A recent poll by Quinnipiac University has revealed that New York State voters are split on the issue of same-sex marriage, with Black, 55+ voters and Catholics and Republicans opposed to the issue.
The Quinnipiac poll broke the issue down by a variety of demographics, here are some of the stats:
- Jews support same-sex marriage 61 to 34 percent.
- Catholics oppose same-sex marriage 53-39 percent.
- Protestants oppose it 55-38 percent.
- New York voters over the age of 55 are opposed to same-sex marriage 55 to 37 percent
- Voters between 35 and 54 support the measure 48 to 44 percent
- Voters between 18-34 support the measure 61 to 33 percent.
- Black voters oppose same-sex marriage 57-35
- Hispanics voters oppose the measure 48-45
- White voters favor the measure, 47-45
- Democrats support same-sex marriage 59 - 34 percent
- Republicans oppose it 68 - 24
- Independent voters were split with 46 percent in favor and 45 percent opposed.
The question of whether Gays and lesbians are born that way, 46 percent of New York State voters say they are, while 29 percent of New Yorkers say people choose their sexual orientation and 6 percent say it is decided by upbringing.
On the question of whether same-sex marriage is a threat to traditional marriage between a man and a woman, New York State voters reject the idea by 63 - 32 percent Voters in every racial and religious group, men and women reject the argument. Only Republicans were split 48 - 48 percent.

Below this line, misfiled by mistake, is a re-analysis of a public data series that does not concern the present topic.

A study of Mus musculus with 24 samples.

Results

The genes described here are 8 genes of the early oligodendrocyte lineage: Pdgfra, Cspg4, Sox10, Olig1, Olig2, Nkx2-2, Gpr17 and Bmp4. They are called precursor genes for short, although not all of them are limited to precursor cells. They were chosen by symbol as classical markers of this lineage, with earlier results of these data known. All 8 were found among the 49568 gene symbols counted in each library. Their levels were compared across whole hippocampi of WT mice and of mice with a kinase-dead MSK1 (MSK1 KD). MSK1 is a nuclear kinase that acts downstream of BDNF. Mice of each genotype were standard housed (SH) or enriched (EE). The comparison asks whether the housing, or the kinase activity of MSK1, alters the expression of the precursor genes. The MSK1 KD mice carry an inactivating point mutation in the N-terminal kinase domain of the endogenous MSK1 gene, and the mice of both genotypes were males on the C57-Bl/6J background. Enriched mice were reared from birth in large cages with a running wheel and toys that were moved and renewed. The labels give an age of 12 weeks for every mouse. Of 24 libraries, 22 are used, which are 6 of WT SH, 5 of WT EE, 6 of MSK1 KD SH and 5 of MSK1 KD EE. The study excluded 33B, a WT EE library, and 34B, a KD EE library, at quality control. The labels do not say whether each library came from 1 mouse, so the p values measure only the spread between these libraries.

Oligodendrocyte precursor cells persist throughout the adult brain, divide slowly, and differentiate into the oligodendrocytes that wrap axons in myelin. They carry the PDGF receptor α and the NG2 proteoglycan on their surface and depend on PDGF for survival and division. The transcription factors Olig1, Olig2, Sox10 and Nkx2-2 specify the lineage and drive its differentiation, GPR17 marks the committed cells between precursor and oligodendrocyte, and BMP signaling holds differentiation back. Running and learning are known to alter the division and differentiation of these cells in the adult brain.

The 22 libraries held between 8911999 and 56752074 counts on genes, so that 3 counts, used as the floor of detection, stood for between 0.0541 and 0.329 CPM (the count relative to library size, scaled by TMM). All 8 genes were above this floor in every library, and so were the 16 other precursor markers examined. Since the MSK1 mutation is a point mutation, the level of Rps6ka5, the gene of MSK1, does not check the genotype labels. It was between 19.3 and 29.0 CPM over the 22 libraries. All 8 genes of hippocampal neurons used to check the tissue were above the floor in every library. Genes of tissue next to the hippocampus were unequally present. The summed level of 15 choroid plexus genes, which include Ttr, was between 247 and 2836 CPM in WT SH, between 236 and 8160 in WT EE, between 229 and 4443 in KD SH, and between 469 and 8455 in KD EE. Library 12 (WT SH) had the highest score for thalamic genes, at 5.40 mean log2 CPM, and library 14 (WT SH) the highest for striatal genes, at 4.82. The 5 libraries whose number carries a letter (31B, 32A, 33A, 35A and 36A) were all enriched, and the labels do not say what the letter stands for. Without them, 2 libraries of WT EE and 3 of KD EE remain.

On the question of whether same-sex couples should be allowed to adopt children, voters were in favor, 60 - 31 percent. Although black voters narrowly oppose gay adoption, whites, Hispanics, men and women and all religious groups support the measure.
On the question of whether ending discrimination against gay men and women is as important as the civil rights movement of the 1960s, New York State voters say 55 - 39 percent, with agreement among all racial, religious and age groups. Only Republicans disagree 50 - 44 percent.
On the question of whether denying same sex couples the right to marry is discrimination, voters agreed, but by a narrow margin of 49 - 46 percent. White voters were split 49 - 47 percent, while black voters say 48 - 44 percent that this is not discrimination.
Ninety-three percent of New York State voters say they are heterosexual, with 2 percent who say they are gay or lesbian and 1 percent who say they are bisexual.
Sixty-three percent of voters say they have friends or close relatives who are gay or lesbian.
From May 5 - 11, 2009, Quinnipiac University surveyed 2,828 New York State registered voters, with a margin of error of +/- 1.8 percentage points.
The Quinnipiac University Poll, directed by Douglas Schwartz, Ph.D., conducts public opinion surveys in New York, New Jersey, Connecticut, Pennsylvania, Florida, Ohio and nationwide as a public service and for research.